Chen and Birbo’s rise to the top

Completing a last minute touch-up before a match, Andrew Chen (12) changes the battery on team 5045’s robot. The match was part of an off-season competition known as the First Robotics Challenge in Arkansas.

Andrew Chen (12) and Bereket Birbo (12) have a few things in common. They have each taken over 15 Advanced Placement courses, have been part of various extracurricular activities and are both attending top ranked universities post-graduation.

What sets them apart from the rest of the class of 2021 is that they are the top two scholars—Chen, valedictorian and Birbo, salutatorian. In two seniors paths’ to the top, they proved to be filled with discipline, motivation and a love for a good challenge. 

“I actually did not expect to be salutatorian at all … it just kind of happened,” Birbo said. “When I saw my transcript, … I saw ‘two’  and I was like ‘did they calculate this wrong?’ and I tried to recalculate my GPA … I was not expecting it at all.” 

During her four years of high school, Birbo was involved in science olympiad, biology olympiad, HOSA and Bridge Builders Change.  Out of all of the classes she took, her favorite was AP Biology with Dr. Madu. 

“It was a very enjoyable class … the teaching style was engaging,” Birbo said.  “I feel like I was encouraged to actually learn the content instead of just pass the class. Just the overall experience was really great.”

For Chen, cross-country filled his schedule during the fall, while robotics took over in the spring. Chen has been a member of the robotics team since his freshman year, and for the past two years, he was captain, programming leader and build team leader, which made for long nights during the season. 

“[For] robotics, during the competition season we would be at school until like maybe 7 or 8 p.m.,” Chen said. “That was definitely pretty hard to get my homework done, but I just [tried] to do whatever homework I could during school and during lunch. Whenever we had some free time in class, I would just be doing homework. And then when I got home, I would just eat and then do homework until maybe 12 or one in the morning.”

Birbo created a challenging workload for herself because of her desire to obtain a good education and have a successful future. With this motivation, she was able to tackle her assignments for her many advanced courses. 

“For me, motivation comes in waves,” Birbo said. “ … So when you find motivation, … just  work and when you don’t have the motivation it’s okay, but don’t get behind on your classes and don’t fail because that will hurt you in the long run … basically it’s okay to allow yourself leeway, but when you have motivation … run on that wave, run on that motivation to get all your work done.” 

The spring of 2020 was a difficult time for Chen, who had seven AP exams to study for in subjects that were not fully taught due to the coronavirus pandemic. Studying alone was something that helped him throughout high school and especially during his AP time crunch.

“You’re going to have to do a  lot of self-studying when it comes to APs at White Station,” Chen said. “I use Khan Academy a lot, depending on the subject there’s some pretty good websites to learn from and review books – those helped a lot.”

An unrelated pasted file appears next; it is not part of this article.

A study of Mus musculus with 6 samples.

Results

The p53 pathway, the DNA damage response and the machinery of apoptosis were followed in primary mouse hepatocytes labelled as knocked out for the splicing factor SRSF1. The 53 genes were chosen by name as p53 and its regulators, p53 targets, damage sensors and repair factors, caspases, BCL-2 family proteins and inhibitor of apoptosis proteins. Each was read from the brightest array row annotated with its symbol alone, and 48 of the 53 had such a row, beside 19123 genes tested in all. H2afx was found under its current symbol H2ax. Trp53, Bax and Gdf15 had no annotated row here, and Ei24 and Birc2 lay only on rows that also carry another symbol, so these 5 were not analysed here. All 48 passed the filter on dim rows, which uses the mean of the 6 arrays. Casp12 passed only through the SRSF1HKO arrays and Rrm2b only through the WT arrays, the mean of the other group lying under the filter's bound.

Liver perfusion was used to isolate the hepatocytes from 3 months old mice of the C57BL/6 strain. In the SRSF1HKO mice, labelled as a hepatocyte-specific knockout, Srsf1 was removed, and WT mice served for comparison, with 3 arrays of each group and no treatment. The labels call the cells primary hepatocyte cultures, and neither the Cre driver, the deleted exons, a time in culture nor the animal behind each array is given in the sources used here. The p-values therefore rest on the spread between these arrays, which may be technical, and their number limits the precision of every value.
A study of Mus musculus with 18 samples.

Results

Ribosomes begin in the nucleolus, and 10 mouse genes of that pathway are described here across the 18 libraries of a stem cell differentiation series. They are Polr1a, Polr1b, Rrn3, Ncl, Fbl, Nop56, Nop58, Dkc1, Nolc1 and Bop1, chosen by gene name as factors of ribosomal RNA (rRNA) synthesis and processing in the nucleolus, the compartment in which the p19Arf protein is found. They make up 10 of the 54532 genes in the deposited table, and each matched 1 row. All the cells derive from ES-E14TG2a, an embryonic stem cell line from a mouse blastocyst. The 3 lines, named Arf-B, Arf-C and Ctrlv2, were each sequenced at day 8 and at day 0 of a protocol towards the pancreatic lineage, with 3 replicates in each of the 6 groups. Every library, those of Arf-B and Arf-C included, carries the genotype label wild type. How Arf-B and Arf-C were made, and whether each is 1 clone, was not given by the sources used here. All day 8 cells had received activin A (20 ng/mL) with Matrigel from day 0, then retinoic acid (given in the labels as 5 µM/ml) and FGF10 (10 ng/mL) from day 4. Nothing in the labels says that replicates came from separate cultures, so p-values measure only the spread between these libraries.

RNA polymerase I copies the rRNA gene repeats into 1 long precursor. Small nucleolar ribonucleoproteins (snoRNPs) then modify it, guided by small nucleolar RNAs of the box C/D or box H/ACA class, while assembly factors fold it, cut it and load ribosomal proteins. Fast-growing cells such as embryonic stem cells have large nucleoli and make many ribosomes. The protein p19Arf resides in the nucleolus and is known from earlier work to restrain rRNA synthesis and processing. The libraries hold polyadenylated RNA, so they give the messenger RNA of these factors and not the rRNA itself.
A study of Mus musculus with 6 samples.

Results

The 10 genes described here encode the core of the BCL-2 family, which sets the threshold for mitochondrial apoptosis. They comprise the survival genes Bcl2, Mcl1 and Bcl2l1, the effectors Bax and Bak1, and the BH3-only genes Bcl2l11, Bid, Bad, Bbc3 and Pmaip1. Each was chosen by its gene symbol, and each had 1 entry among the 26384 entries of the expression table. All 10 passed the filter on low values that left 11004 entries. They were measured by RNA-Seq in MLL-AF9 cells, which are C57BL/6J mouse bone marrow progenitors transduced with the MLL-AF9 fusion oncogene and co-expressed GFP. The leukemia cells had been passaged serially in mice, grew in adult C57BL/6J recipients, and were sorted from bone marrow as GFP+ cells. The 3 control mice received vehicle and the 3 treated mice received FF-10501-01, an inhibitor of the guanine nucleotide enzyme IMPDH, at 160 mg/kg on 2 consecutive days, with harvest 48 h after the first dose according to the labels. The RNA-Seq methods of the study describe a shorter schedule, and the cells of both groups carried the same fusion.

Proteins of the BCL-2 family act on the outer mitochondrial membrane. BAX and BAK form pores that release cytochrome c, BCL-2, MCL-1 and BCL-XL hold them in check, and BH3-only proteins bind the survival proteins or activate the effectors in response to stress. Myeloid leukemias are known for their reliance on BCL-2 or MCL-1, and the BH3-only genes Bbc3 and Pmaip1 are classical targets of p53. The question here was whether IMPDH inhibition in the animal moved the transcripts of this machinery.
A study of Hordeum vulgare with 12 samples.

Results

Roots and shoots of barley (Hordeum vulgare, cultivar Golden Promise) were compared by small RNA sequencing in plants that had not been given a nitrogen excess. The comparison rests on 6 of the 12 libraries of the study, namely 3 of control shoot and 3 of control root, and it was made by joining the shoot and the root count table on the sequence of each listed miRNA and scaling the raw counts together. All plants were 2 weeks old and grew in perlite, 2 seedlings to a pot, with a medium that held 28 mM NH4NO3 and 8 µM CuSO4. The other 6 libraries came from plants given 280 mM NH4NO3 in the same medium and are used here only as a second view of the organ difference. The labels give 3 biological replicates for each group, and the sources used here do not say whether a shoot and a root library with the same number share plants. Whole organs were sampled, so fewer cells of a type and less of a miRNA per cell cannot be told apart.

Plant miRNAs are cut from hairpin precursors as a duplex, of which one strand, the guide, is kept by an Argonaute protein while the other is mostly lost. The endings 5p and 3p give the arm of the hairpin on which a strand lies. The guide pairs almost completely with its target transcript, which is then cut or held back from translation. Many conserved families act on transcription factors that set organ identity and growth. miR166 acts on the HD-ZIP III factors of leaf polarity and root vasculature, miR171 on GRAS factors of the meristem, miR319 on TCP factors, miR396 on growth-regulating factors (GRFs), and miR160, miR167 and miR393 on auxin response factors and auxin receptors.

When not studying for classes, Chen was a part of a few school organizations, one he wished he had stuck with was Model UN.  The club develops public speaking skills and would have given him an opportunity to spend time with friends.  

“Go for any opportunity you see that you think would be good for you,” Chen said. “…  I could’ve pursued it [Model UN]  more, but I just didn’t really want to, but in hindsight it would definitely have been really good for me. And I’m sure there’s a bunch of other clubs I didn’t really look into that could’ve helped me a lot too.” 

Restricting himself from distractions such as YouTube and texting helped Chen keep up with his assignments. However, even as valedictorian, Chen has had his fair share of low moments – like any other student. 

“I have just as many shortcomings as the next person,” Chen said. “I’m not like this perfect student. I procrastinate a lot too, and I’ve missed assignments before. I’ve failed tests before.”

After taking most of the school’s science classes and being part of the robotics team, Chen aspires to continue on this path in his future. He has been accepted to Georgia Tech University and is currently on the waitlist for the University of Pennsylvania. 

“I plan to major in either computer science or mechanical engineering,” Chen said. “And then getting a Masters or Ph.D. in robotics … either working at SpaceX or Boston Dynamics or Google … something like that.”

Birbo, who will be attending MIT in the fall, has plans to explore biology and computer science studies but is open to what her future holds. Believing in herself and her goals pushed her to become MIT-bound. 

“Reach for the stars,” Birbo said. “It’s okay to have high aspirations … make sure your goals are truly yours. Don’t compare yourself to other people and don’t lose hope. At least for me, it’s really easy to lose hope. A lot of the things that I’ve come by are things that I never expected because I just didn’t have hope in myself, but don’t lose hope. Reach high … you’ll get there … do well in what you want to do.”

For most students, becoming one of the top two in their class is not something they believe will happen to them. Chen and Birbo are no different, and despite their years of hard work, both were surprised at their honors. 

“I may seem like a distant figure, but I’m just an average person,” Birbo said. “Anyone can do this … if you’re really passionate about your education, challenge yourself and take the classes that you want to … don’t be scared.”